Desert ragas

The recently concluded Rajasthan International Folk Festival was a testimony to changing times as women step out to melodiously reclaim the arts

Published: 03rd November 2019 05:00 AM  |   Last Updated: 02nd November 2019 07:55 PM   |  A+A-

The Manganiyar presentation

The Manganiyar presentation

The stage at the Rajasthan International Folk Festival was a testimony to changing times. Artists, such as Kalbelia dancer and singer, 18-year-old Sushila Devi, have stepped outside the male-defined domains of honour to embrace the public space as performers of India’s oral antiquity—an art that up till now, only the men enjoyed the rewards of. “My mother found the courage to break free. And that paved the way for me to forge ahead,” says Sushila, who started singing at the age of two and performing publically at age six. 
As prejudice fell, the sustainability of artists like her increased.

Sumitra Devi

“With women joining the bandwagon, lok kala (arts of the people) has strengthened. With extra income coming into the house, it’s made our position better and also given us a chance to express ourselves,” says 14-year-old Ganga Rao, who is an eighth-grade student, and among the few girls in her community, is studying while learning music. To pursue the arts also seems like a double-edged sword—while the inclination towards keeping up tradition seems promising, not getting an education could mean disability in growing holistically. “It’s only when you get a formal education, that you can negotiate your terms in the professional world and deal with challenges,” says Hanga Kacsó, who performed as part of Muzsikas, a Hungarian folk music band.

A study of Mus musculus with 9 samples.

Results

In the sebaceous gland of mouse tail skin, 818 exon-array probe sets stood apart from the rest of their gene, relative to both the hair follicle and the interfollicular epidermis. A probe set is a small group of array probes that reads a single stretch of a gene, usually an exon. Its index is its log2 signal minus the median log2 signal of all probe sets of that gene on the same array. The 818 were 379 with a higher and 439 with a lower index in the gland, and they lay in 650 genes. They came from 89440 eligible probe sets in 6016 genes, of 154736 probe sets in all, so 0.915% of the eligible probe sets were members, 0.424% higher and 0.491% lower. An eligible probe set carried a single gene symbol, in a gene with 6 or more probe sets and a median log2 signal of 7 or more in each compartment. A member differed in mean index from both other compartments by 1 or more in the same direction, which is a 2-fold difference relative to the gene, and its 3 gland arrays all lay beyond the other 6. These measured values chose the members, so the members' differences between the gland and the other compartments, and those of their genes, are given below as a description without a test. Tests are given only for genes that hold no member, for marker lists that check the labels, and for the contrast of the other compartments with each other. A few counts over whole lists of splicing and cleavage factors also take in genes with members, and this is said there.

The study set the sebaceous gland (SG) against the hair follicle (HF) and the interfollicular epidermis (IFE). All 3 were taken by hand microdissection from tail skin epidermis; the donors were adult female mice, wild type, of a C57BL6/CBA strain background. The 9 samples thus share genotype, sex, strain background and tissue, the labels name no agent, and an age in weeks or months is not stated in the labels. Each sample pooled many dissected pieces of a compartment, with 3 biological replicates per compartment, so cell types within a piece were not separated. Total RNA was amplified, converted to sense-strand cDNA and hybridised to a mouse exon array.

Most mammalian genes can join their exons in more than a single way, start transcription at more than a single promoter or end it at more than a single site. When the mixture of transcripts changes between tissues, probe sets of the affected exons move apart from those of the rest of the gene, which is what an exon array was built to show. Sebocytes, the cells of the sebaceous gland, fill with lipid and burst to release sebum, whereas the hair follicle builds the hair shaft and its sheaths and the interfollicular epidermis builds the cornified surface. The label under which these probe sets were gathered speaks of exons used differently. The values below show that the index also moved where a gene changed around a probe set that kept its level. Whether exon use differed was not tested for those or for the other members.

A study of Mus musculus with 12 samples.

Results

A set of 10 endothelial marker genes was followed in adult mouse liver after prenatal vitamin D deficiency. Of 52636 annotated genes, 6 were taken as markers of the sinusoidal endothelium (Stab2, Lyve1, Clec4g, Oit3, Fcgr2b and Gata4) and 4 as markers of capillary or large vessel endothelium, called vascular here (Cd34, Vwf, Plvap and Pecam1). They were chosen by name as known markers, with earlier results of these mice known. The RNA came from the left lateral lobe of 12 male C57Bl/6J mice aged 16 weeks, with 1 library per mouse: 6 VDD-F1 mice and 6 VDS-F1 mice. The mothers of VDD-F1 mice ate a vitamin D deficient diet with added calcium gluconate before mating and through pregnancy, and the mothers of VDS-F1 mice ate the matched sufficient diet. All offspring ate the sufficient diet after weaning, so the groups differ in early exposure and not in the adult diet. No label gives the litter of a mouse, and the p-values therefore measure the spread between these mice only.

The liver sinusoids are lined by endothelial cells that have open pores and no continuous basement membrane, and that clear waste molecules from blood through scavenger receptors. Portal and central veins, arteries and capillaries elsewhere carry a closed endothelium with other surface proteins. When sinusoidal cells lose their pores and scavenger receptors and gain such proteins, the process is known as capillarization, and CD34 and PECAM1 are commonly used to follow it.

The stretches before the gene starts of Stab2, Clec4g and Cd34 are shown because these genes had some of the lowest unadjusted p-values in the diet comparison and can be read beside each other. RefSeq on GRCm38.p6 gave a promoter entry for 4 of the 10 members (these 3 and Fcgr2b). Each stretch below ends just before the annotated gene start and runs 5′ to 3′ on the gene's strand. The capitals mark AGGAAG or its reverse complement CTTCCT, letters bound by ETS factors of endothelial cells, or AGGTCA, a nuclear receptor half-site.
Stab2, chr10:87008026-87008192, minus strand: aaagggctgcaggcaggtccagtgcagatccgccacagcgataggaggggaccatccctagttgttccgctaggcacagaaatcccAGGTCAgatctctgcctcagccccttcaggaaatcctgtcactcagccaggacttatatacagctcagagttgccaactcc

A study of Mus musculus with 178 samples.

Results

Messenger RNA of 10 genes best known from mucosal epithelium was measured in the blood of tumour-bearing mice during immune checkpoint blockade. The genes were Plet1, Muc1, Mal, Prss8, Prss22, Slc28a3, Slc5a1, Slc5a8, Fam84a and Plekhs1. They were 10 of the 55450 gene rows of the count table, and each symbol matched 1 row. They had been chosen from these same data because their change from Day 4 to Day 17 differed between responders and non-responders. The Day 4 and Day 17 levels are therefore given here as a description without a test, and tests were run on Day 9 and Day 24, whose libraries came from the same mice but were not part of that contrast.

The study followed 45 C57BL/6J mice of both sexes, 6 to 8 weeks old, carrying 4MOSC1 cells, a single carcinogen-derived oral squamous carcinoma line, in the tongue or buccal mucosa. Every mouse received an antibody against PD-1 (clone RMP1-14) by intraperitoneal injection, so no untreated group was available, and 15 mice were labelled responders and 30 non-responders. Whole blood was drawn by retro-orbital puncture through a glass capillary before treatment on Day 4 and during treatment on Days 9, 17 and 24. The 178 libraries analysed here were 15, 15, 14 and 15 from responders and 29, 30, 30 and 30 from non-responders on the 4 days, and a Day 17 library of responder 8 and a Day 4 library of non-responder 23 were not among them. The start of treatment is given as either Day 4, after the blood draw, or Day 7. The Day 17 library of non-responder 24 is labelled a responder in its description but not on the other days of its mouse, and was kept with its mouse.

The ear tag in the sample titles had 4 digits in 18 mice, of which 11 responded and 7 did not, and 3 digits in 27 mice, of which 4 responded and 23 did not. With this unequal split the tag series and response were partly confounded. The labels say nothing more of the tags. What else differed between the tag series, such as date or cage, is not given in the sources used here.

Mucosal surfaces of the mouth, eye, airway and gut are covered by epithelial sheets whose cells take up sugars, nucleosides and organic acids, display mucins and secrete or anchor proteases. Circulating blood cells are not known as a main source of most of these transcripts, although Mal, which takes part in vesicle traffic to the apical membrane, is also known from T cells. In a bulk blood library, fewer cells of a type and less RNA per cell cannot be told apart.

The last 12 editions of the festival have seen a significant rise in the number of women folk artists. “Things are improving, doors are opening. We are seen with respect. Money is also coming but it’s still not proportionate to what we deserve or even equal to men in some cases,” says folk artist Sumitra Devi. 

The participation of the younger brigade of musicians has also risen. Artists such as Manjur Khan, the son of living legend, 72-year-old Hakam Khan Manganiyar, chose to voluntarily follow his family’s musical customs, unlike his peers. “Every year, the number of venues we perform at increases. We can earn a sufficient living. If this continues, the youth of the village who left singing for profitable opportunities will return. It’s also about patronage,” he says. 

It’s equally about innovation as it is about appreciation. Thirty-six-year-old folk artist Noam Nani Vazana from Amsterdam, the Netherlands, is the only artist to recreate the musical sounds of ancient Ladino (Jewish-Sephardic) language. As she takes the audience through a melodious melange of Flamenco, North African and traditional Sephardic compositions, the eclecticism in her style appears as her strength. “There is so much power in native music and so many ways to improvise and build on the existing knowledge. Each one of us can add to what our ancestors earned for us,” says Vazana. 

Whether it’s the subject of sustainability within India’s tradition or the advancing role of women in folk, a quiet revolution is stirring within the arts. By fanning the flames of change that are surfacing, the time calls for a radical return to roots.